Opening nights at Sydney Dance Company have become the place to see and be seen. The troupe’s charismatic artistic director, Spaniard Rafael Bonachela, has transformed SDC into a chic contemporary outfit, at the heart of Sydney’s hip art scene. The company’s recent premiere of “Orb,” a double bill featuring “Full Moon” by Taiwanese choreographer Cheng Tsung-lung and “Ocho,” Bonachela’s latest, was no exception, drawing the glitterati to the Roslyn Packer Theatre in Sydney’s Walsh Bay.
Cheng is the artistic director of Cloud Gate 2, the junior wing of Taiwan’s famous Cloud Gate Dance Theater. Cloud Gate dancers are known for their almost miraculous ability to move their bodies like liquid, and Cheng’s junior company mirrors that liquefying ability, but under Cheng’s tutor, have more grit, more edge. “Full Moon” is Cheng’s first work for SDC, and it opened the evening.
Perhaps unwittingly, the title sets up an expectation of lyrical movement and a serene score. It is nothing of the sort. “Full Moon” begins with eight dancers running helter skelter across the stage, dressed in all sorts of colours and fabrics, under intense lights. From here the dancers break off into ones and twos, presenting unusual but fluid choreography. From the outset, it is hard to get your head around any connection to the moon. While the dancers are fabulous independently, the work maintains a sense of disconnection. As the work nears its close and Lim Giong’s score builds, there is yet a wonderful coming together of the cast. Serene choreography sees the dancers move in harmony, while Damien Cooper’s lighting gives an overall sense of wonderment to the stage, the notion of the full moon now cognisant. Highlights were the physically striking Sam Young-Wright and Chloe Leong. Holly Doyle as a slightly unstable character was also a standout, her jagged movements and bobbing head completely engaging in a blue and white bell-shaped dress. Indeed, Fan Huai-chih’s costuming is perhaps the most striking element; a fabulous mix of colours and textures, they move with subtle differences in tune with the dancers’ bodies.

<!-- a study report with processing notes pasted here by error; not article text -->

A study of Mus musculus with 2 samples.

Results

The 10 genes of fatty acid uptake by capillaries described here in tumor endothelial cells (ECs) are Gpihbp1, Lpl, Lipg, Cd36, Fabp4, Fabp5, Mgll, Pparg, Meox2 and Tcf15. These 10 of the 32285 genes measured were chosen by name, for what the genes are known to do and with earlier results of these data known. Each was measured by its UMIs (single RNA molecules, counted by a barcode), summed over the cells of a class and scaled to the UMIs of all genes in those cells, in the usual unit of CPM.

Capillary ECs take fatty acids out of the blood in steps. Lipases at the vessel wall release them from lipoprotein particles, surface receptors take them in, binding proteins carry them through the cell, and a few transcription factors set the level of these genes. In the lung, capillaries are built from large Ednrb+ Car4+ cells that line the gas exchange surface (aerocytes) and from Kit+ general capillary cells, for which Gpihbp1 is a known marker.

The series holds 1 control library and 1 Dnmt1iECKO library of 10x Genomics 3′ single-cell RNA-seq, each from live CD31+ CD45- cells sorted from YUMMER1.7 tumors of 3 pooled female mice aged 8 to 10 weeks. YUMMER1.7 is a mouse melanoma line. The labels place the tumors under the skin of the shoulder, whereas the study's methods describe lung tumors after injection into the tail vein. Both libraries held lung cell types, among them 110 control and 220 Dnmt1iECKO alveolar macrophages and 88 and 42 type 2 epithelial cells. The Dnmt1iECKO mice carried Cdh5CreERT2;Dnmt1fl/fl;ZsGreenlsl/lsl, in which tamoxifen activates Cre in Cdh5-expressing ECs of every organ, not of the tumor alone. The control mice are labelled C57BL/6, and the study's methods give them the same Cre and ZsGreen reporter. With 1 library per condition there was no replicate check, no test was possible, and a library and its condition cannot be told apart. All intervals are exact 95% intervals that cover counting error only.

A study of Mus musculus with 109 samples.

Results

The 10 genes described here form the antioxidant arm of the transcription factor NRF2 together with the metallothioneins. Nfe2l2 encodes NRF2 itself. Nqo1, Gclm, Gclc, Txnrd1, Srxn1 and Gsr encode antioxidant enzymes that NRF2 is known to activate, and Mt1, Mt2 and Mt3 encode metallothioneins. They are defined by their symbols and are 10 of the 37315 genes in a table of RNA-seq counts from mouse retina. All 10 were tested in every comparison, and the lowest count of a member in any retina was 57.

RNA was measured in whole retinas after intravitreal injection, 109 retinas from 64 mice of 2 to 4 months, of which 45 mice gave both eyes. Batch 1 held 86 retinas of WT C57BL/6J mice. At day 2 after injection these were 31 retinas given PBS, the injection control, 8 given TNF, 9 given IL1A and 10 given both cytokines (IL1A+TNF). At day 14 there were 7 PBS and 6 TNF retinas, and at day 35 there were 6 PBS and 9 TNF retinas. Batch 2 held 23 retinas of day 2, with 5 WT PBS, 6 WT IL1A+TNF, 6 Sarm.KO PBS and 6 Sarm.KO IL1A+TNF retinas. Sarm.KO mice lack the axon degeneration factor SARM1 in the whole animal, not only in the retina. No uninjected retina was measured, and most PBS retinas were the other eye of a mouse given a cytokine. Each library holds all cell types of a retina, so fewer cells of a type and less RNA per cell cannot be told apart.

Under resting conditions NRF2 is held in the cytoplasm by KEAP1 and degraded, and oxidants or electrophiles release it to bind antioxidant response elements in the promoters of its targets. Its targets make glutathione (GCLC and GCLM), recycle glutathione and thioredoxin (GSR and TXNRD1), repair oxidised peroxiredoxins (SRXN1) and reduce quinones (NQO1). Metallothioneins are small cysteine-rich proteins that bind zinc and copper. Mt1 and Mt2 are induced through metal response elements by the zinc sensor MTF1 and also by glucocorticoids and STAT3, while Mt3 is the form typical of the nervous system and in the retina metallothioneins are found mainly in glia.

Bonachela’s “Ocho” is, quite literally, a work for eight dancers. He created distinct choreography for each dancer, playing to their strengths, before bringing the dancers together as a whole. It is a novel approach as most works are borne from the company dancers working together, rather than being individually pieced together.
“Ocho” opens with an energetic solo danced by Nelson Earl. From there, the other seven dancers emerge from a huge glass box positioned at the back of the stage. Each of the dancers watch the other, before being watched. Bonachela knows his dancers, and the choreography is tailored to bring out their best. Josephine Weise’s athleticism is a real standout. The costuming and the score, however, didn’t quite live up to the level of Bonachela’s choreography with the dancers in daggy sportswear and Nick Wales’ electronic score grating with static noise. The result is that the work in parts seems dated. Rrawun Maymuru’s vocals are a saving grace; they are a wonderful addition. The work has a darker undercurrent, too. As the dancer’s move around their glass cage, the men at times appeared to dominate the women. It is challenging to watch and cast a shadow over the strong solo work executed with flair.
“Orb” brings together an eclectic mix of high energy choreography borne of unusual concepts. While it’s probably time to move on from the static, electronic scores, Bonachela has once again delivered clever and fresh choreography performed by dancers who mesmerise with their bodies, their movements and their stamina. A performance worthy of its cool factor.
“Orb” performs nightly at the Roslyn Packer Theatre Walsh Bay in Sydney until May 13, before travelling to the Arts Centre, Melbourne 17 -20 May; then the Canberra Theatre Centre 25-27 May 2017.